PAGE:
A word for my vegetarian readers: Uh, sorry.
My househelper does not like chickens from the supermarket. She screws up her entire face, smelling them, poking at them. Once she made me throw one away, claiming it smelled bad. I didn’t actually think it smelled all that bad, but since in my experience North Africans will consider as food more things than I will, I went with her judgement.
The chickens seem harmless to me, although I admit they do sometimes look a bit old. They are raised in Brazil, killed in a “hallal” way (i.e. permitted for Muslims), and shipped for sale in Morocco. They are inexpensive.
Khadija tells me that I need to go to Takkadoum to buy a live chicken. They will kill it for me, she tells me, and then I need to let it sit a day. It will be so much better than these dead, wilted-looking Brazilian chickens, and the cost is the same.
So this week, we went to Takkadoum to buy a chicken. We knew where to go–right next to the place we buy our lamb, although that’s already slaughtered and in pieces by the time we get there.
We view the impressive rainbow of chickens on the ground. We have no idea how to pick a chicken. So we ask—which is better? Male or female? Are certain colours of feathers hiding a plumper, tastier interior? Lower in fat; higher in nutrition? Less sugar? The men shrug. It’s a matter of personal taste, they tell us. This is unusually unhelpful.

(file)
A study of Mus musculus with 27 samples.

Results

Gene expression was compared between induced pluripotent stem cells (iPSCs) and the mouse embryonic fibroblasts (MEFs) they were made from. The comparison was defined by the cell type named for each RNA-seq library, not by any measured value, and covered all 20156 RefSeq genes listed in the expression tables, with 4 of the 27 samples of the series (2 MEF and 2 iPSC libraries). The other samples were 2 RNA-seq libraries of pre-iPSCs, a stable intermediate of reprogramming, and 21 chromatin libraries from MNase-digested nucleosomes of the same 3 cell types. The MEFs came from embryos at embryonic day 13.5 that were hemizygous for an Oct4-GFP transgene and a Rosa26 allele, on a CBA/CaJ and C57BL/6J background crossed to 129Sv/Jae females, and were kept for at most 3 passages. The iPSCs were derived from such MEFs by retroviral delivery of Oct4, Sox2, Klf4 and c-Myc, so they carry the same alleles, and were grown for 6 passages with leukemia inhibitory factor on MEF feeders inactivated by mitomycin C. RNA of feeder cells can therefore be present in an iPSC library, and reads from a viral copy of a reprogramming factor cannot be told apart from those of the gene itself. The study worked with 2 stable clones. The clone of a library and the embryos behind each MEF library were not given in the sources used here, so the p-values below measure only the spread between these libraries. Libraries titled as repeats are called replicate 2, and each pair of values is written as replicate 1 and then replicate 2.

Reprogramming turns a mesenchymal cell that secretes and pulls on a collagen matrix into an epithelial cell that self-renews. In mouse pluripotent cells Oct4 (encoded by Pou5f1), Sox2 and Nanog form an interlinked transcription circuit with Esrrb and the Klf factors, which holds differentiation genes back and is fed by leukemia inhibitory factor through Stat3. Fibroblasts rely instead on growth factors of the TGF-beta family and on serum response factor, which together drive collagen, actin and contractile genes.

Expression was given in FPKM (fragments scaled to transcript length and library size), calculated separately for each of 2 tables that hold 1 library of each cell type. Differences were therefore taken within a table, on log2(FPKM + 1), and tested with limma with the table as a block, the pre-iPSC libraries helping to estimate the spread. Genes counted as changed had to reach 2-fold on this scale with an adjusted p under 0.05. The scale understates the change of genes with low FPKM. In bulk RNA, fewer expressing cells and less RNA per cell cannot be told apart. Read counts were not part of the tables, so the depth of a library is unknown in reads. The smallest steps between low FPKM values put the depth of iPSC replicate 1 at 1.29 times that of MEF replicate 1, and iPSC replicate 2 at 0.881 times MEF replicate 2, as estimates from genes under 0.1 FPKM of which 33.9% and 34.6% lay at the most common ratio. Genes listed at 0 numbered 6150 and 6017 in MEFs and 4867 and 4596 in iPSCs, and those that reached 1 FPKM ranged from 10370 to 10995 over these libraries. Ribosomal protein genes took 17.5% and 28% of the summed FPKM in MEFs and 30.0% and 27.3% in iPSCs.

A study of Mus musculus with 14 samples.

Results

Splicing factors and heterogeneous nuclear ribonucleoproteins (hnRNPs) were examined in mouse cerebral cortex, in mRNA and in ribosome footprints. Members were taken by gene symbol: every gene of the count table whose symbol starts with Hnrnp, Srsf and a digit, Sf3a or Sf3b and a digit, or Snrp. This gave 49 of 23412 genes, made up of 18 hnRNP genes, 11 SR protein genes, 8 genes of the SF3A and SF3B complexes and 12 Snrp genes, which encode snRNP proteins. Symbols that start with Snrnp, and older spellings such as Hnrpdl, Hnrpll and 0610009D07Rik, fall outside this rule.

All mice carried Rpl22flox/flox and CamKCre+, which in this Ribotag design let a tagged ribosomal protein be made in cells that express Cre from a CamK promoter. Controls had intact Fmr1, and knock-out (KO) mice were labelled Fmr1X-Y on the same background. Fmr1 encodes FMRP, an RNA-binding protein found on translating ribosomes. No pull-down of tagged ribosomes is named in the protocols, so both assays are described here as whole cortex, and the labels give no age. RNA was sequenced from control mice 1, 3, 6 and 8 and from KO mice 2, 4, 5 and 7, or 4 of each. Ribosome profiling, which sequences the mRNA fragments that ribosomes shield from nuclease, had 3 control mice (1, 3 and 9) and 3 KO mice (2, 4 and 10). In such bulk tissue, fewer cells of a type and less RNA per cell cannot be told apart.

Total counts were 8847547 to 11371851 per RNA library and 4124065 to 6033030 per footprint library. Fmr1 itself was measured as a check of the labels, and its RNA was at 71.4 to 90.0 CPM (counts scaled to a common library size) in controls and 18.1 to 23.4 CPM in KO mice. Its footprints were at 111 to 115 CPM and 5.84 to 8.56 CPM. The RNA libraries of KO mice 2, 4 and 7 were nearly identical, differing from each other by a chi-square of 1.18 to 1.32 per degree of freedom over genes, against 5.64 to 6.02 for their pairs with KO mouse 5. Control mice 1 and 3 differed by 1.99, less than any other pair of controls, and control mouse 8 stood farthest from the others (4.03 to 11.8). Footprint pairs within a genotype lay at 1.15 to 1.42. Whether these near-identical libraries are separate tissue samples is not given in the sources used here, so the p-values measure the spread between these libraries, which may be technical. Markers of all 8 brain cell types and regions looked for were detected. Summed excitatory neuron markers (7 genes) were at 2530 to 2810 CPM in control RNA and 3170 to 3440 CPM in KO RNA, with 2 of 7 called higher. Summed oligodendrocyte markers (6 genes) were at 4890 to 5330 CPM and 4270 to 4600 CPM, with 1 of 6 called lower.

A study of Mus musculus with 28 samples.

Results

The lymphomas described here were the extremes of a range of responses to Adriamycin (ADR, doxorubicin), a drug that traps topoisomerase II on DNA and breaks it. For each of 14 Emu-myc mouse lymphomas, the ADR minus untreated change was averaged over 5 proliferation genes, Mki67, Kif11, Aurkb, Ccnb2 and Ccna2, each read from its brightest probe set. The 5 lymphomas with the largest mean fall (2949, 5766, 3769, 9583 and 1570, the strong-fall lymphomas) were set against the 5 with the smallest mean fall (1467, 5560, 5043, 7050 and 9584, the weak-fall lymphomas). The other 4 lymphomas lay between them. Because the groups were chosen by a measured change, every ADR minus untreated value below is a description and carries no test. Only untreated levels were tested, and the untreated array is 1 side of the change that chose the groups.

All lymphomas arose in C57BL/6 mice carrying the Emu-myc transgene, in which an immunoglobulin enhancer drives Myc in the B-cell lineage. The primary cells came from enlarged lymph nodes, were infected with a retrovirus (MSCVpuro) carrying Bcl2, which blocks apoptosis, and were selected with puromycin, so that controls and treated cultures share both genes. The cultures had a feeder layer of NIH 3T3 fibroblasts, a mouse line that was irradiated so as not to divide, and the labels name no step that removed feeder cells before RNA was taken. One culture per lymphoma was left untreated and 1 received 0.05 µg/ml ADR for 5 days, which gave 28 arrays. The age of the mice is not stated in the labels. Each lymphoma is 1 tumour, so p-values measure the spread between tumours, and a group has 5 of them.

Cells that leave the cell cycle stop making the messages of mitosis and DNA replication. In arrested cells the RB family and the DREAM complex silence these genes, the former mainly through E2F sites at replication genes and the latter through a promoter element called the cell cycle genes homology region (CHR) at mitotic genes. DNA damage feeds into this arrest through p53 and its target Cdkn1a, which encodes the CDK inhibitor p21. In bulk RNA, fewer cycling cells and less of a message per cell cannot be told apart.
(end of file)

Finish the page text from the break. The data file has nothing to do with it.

Since we have no idea, we pick one at random. I like black and white, Donn likes black and white, why not a black and white chicken? The guy offers us two chickens, tied together by their legs and dangling resignedly from his hand, but we’re pretty sure we just want one, even though we’re having guests.
We point to our chicken, and it’s taken just across the way to be weighed and slaughtered. I’ve never seen a chicken killed before so I’m looking forward to seeing it flopping round with its head cut off, like the stories my dad used to tell of his childhood on a Kansas farm. Instead, the chicken’s throat is cut and it’s plopped down into a bucket, where the wings flap a bit but it’s undramatic.
Once the chicken has had time to drain, it’s taken up to The Machine. We can’t really see The Machine, as I call it, only a rubber belt thumping away on the side. But in an amazingly short time, the plucked raw chicken is held up for our inspection. The man offers us the head, but we decline, although I’m tempted to take it just for you, dear readers. But then what would I do with it? Yeah.
The chicken has shrunk dramatically. It’s only about half the size, and it wasn’t all that big to start with! Its entrails are removed and it’s washed in a little white sink and then placed in a bag and handed to us.
Of course Khadija does not come, so my plan of showing you a beautiful picture of a chicken couscous has been foiled. I put it in the freezer for later. In the meantime, you can enjoy seeing what she does with Brazilian chickens.